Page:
The share of employees in the Netherlands who say they want to work until they reach the age of 65 years has doubled in the space of four years: from 21 percent in 2005 to 42 percent in 2009. However, fewer want to stay in work after their 65th birthday: 13%. These are some of the results of the NEA, the Dutch national survey of working conditions conducted at the end of 2009 by TNO Knowledge for Business and Statistics Netherlands, with support from the Ministry of Social Affairs and Employment.
In 2009, more than 40 percent of both younger and older employees in the Netherlands said they were willing to work until the age of 65. With respect to not wanting to work to this age there was a difference between younger and older employees. About 4 in 10 employees older than 55 years say they do not want to work until they are 65. Among employees younger 25 years this is only 2 out of 10. One third of younger employees said they did not know to what age they wanted to work.
There is not much difference between men and women in their willingness to work until 65. Relatively more women say they do not yet know. Relatively more employees with a high education level than those with intermediate and low education levels say they want to work until they are 65.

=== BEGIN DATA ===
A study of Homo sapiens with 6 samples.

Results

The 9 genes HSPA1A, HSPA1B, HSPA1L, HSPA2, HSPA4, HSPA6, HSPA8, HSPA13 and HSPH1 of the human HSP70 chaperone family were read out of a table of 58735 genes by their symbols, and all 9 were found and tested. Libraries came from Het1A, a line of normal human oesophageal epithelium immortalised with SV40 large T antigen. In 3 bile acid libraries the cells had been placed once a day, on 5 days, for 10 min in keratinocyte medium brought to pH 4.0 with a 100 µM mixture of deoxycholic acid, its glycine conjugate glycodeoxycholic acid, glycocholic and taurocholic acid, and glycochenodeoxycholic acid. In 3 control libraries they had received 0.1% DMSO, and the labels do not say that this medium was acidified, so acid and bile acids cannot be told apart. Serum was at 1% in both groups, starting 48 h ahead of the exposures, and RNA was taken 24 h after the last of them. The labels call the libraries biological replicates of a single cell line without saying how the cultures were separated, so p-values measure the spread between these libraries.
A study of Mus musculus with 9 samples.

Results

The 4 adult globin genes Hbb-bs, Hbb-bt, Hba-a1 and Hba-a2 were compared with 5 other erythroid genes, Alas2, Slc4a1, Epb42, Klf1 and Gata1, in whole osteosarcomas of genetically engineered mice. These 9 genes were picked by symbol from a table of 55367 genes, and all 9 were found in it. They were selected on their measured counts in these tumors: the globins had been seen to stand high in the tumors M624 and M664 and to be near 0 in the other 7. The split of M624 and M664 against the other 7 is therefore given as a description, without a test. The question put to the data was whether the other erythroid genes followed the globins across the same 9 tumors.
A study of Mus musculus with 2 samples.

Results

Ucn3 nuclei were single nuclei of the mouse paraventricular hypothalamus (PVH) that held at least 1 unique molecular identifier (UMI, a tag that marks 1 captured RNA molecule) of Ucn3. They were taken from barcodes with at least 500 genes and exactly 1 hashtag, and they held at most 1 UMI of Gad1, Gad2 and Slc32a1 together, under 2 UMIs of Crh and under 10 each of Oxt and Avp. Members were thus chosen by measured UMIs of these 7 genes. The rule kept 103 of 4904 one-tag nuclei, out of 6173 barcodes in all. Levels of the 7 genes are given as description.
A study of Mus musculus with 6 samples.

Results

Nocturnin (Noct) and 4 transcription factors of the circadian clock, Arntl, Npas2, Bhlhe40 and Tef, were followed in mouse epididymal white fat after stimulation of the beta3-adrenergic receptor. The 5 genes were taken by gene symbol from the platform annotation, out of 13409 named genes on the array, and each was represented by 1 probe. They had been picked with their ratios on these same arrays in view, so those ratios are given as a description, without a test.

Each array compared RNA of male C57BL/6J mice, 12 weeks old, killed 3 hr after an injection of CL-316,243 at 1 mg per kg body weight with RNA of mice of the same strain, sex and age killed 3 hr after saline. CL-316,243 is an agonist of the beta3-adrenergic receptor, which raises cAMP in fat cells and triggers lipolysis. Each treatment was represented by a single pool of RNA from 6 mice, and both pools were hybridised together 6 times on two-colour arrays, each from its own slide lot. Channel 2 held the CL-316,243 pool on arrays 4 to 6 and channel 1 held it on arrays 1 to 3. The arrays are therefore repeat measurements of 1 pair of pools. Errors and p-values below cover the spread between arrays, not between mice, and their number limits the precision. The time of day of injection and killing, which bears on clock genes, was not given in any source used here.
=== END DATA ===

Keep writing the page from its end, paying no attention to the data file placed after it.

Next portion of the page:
The willingness to work until 65 years is lowest in the construction industry. Only one third of workers in this sector say they want to work until they are 65, while half say they do not want to work until that age. In manufacturing, transport and communication, public administration and financial services, too, relatively many people do not want work until 65 years. In agriculture and fishery, education, and business services on the other hand, relatively many employees say they do want to work until the age of 65.
Fewer people are willing to work past the age of 65. Thirteen percent of employees say they want to retire later than 65. Around 58 percent say they do not want to work past the age of 65 and the remainder (29 percent) do not yet know. There are differences between the groups of employees in their willingness to work past their 65th birthday. Relatively more men (15 percent) than women (10 percent) say they want to work to an older age, and more employees with a high education level (18 percent) than with a low (10 percent) and intermediate (11 percent) level. Many younger employees do not yet know whether they will want to work to an older age. Older employees are more likely to have made up their mind: just over 6 out of 10 say they do not want to work after their 65th birthday. For younger employees this is 4 out of 10.